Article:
Give it to me straight, doc — wise words from any number of old Westerns, gangster movies, and war dramas. New research confirms what many of us may not want to admit: Hearing bad news without a lot of cushioning is the best way to hear bad news.
Per studies just released by a Brigham Young University linguist and a University of South Alabama communications expert, being overly polite or considerate before dropping the hammer can create more uncertainty and anxiety than necessary. Previous research focused on how to make delivery easier for the bearer of bad news. This study may confirm what you have thought or experienced yourself.
Particularly when receiving information about physical facts, such getting the sack at work, participants preferred ripping off the Band-Aid. "If we're negating physical facts, then there's no buffer required or desired," said BYU's Alan Manning in a press release. "If your house is on fire, you just want to know that and get out. Or if you have cancer, you'd just like to know that. You don't want the doctor to talk around it."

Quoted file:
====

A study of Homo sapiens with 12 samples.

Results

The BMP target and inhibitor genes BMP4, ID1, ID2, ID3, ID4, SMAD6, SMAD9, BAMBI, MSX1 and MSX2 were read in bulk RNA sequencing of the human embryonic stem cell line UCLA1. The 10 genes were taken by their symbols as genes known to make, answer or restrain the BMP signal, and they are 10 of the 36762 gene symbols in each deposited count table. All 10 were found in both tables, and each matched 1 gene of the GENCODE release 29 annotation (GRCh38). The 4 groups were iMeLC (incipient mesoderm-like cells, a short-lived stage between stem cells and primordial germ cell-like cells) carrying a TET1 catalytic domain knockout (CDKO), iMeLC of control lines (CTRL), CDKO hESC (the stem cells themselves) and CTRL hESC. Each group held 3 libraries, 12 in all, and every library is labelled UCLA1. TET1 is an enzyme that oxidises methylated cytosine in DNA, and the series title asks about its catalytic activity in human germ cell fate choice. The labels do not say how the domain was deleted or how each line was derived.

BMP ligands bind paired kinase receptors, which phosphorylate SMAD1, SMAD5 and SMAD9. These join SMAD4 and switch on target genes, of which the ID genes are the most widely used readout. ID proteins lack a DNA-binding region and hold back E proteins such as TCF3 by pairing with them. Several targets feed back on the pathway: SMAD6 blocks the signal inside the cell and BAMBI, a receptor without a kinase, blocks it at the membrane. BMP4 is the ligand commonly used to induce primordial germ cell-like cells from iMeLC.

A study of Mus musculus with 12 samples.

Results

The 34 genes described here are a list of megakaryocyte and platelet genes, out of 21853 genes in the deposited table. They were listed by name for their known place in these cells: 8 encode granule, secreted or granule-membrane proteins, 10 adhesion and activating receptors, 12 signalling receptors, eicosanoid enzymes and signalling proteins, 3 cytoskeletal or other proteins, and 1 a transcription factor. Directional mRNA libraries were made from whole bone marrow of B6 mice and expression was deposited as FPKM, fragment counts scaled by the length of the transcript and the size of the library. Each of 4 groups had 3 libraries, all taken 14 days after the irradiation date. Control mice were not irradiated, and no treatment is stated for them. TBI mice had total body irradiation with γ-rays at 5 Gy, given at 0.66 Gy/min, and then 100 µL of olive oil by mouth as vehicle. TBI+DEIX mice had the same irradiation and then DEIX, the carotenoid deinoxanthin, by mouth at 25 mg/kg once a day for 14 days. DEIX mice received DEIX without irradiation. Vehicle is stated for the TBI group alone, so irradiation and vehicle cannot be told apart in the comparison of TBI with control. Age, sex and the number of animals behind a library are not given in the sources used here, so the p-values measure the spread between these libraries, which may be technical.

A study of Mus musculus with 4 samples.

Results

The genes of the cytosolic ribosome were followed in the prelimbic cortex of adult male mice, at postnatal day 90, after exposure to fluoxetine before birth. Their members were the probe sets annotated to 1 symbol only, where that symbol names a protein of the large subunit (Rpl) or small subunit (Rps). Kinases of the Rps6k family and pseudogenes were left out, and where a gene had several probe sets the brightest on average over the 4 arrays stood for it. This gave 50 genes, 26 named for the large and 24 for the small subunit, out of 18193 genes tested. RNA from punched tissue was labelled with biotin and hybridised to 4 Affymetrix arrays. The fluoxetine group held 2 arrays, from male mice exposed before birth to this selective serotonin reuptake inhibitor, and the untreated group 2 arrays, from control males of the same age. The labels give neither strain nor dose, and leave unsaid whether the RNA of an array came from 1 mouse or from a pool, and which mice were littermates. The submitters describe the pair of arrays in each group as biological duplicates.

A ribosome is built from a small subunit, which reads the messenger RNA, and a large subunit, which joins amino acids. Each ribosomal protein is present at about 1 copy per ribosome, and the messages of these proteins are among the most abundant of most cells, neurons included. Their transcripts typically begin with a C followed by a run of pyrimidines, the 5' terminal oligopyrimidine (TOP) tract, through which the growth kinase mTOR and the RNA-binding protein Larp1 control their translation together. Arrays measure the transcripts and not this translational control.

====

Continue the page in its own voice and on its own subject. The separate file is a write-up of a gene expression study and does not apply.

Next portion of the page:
That said, some easing-in is appropriate in other situations. "An immediate 'I'm breaking up with you' might be too direct," Manning said. "But all you need is a 'we need to talk' buffer — just a couple of seconds for the other person to process that bad news is coming."
Whether you're a manager terminating an employee or a direct report sharing an unfavorable report, consider not beating around the bush when it comes to hard realities. The sooner everyone is on the same page, the sooner they can move on to next or corrective steps.